Kayak angler Brent King lost his life on the Susquehanna River, prompting an outpouring of support for his family. Photo: GoFundMe/Brent King ~ Memorial Fund

Kayaker from MD Dies While Kayak Fishing on Susquehanna River

A Frederick County, Md., man has died after he disappeared while kayak fishing in the Susquehanna River on Feb. 16. His body was found near City Island outside Harrisburg, Penn.

While it’s not clear exactly what went wrong that day, the paddler’s wife and children have received an outpouring of support from the community since his loss.

According to his family, Brent King texted his wife Caley as he launched his kayak and fishing equipment the morning of Friday, Feb. 16, but by lunchtime, she couldn’t reach him. When a friend tracked his cell phone to its location in the water, his kayak was found unmanned. Friends and family walked the riverbeds looking for him. A helicopter and drone search by police and Harrisburg River Rescue and Emergency Services volunteer rescue crews stretched throughout that weekend.

Finally on the evening of Sunday, Feb. 18, family friends say a volunteer with a drone was able to find King’s body in the water.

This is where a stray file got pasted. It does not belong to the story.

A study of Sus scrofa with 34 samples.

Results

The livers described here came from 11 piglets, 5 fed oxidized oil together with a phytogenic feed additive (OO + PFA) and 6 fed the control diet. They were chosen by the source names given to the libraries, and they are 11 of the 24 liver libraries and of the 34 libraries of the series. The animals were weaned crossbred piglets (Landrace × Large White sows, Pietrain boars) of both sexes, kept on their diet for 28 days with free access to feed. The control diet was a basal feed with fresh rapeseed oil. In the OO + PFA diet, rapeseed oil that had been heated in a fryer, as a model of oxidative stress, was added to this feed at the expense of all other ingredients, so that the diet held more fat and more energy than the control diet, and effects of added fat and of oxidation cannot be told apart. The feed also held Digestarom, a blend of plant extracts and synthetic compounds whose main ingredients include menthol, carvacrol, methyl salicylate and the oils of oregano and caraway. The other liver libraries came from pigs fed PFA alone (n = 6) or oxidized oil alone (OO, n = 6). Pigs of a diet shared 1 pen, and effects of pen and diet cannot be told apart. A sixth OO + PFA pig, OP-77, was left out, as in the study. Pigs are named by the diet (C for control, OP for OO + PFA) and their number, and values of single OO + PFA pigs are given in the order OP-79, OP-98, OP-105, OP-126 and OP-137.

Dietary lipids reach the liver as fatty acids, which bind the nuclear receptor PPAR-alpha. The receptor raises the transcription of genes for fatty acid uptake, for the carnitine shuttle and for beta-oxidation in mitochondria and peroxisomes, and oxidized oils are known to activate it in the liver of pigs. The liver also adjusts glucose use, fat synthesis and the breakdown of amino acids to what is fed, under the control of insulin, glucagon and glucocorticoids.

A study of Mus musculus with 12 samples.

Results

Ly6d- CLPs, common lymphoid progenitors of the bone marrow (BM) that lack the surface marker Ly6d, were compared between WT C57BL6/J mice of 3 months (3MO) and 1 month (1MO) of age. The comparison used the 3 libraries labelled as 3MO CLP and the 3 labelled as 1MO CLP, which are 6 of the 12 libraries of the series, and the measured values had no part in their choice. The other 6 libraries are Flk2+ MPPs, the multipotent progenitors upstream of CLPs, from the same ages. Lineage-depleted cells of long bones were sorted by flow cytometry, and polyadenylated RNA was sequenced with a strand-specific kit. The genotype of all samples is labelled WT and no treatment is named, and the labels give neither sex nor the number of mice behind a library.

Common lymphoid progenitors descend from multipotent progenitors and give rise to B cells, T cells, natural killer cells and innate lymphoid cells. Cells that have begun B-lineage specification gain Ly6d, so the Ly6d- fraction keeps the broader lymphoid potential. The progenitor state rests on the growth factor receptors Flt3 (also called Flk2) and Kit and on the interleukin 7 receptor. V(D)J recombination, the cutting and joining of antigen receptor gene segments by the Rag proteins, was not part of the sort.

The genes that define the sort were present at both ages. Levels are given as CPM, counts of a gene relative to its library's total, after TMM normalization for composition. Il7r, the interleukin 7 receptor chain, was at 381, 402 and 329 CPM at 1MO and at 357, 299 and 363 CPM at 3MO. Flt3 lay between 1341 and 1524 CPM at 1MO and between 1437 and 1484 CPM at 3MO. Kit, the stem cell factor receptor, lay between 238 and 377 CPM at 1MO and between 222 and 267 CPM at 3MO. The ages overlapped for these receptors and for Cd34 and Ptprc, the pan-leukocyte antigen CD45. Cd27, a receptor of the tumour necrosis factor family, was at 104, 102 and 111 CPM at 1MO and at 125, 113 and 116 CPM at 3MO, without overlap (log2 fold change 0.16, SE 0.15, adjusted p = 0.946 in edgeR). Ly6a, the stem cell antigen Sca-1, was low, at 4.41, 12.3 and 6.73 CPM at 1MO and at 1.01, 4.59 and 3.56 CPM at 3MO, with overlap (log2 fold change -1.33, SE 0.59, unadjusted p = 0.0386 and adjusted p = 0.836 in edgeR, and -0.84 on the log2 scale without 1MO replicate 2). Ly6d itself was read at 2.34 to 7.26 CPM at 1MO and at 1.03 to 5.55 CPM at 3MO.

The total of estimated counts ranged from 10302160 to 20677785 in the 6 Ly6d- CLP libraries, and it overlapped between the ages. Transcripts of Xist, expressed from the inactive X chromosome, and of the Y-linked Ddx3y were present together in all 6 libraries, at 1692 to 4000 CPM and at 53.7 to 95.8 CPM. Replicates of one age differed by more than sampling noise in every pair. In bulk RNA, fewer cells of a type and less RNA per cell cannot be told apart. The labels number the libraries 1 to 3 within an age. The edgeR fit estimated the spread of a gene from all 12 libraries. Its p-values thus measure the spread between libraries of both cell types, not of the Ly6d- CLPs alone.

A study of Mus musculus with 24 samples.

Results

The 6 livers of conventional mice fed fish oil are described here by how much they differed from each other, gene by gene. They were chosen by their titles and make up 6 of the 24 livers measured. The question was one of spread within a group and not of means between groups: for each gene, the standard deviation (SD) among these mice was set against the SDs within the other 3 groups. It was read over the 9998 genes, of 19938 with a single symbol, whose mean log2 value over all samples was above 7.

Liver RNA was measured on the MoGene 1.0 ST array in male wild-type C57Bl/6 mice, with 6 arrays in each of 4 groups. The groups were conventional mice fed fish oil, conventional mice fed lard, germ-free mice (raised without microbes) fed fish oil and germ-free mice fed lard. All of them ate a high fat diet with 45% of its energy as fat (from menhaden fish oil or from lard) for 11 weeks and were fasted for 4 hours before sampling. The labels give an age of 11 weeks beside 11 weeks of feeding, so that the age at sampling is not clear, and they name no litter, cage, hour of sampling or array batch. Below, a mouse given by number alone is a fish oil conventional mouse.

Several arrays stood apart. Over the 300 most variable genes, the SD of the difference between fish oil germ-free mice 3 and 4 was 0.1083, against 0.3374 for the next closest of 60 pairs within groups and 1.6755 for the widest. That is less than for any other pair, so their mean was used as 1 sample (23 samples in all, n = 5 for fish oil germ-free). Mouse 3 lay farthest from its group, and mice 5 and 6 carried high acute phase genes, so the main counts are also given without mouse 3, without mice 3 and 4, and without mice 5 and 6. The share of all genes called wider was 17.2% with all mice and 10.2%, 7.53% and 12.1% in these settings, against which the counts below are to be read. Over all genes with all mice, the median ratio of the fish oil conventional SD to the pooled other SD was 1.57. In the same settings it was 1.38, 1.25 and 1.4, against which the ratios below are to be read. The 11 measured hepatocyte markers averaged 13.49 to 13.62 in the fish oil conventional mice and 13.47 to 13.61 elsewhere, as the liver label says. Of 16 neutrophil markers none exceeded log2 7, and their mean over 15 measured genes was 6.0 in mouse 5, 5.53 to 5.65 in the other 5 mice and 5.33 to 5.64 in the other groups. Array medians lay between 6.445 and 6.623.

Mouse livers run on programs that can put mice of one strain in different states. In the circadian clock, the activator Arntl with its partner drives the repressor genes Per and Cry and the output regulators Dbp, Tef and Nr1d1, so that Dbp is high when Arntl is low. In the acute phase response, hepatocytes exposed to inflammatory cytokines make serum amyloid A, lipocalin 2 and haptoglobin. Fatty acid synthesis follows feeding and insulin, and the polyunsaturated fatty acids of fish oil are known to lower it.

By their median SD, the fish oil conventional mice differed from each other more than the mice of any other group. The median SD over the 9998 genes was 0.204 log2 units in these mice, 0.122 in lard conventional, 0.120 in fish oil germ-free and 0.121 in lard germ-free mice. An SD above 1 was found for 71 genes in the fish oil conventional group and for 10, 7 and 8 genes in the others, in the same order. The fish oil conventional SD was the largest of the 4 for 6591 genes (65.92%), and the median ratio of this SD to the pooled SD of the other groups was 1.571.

A GoFundMe page set up by someone who identifies herself as Caley’s best friend, Tracy, has gained serious traction. As of Feb. 23, donations were up to nearly $59,000, far exceeding the page’s initial goal of $10,000. According to the page, donations will go towards Caley, the Kings’ six-year-old son, and Caley’s 12-year-old daughter. This is Caley’s second time losing a husband, as her first husband died when her daughter was just six months old.

Caley said Feb. 16 was King’s day off work and he was excited to catch some fish. He was wearing an inflatable life jacket that wasn’t inflated when his body was found, local reports attribute to the Dauphin County Coroner’s Office. His cause of death was accidental freshwater drowning, the Daily Voice reported.

The same weekend that King perished in the water, the Chesapeake Paddlers Association was holding a cold water training session. Chesapeake Bay Magazine reported on the training event that allowed paddlers to test their on-water winter safety gear in a controlled swim test.

As the Paddlers Association pointed out then, the margins of error are very slim in cold water and “a minor issue, mistake or oversight can snowball into a major dangerous issue.”

It’s not known whether King’s inflatable PFD was intact and working, but Chesapeake Paddlers Association says, “We recommend not using hybrid or inflatable PFDs in cold water and using standard ones. Inflatable mechanisms can possibly fail with cold temps or freezing water, and most require the user to be able to activate them to inflate, which if a paddler ends up in the water, if because of a medical issue or impact, they may not be able to do so.”

The Paddlers Association goes on to note that it may be difficult for a capsized paddler to inflate their PFD in cold water, as hyperventilating, losing hand dexterity and the cold water gasp reflex are all working against the paddler.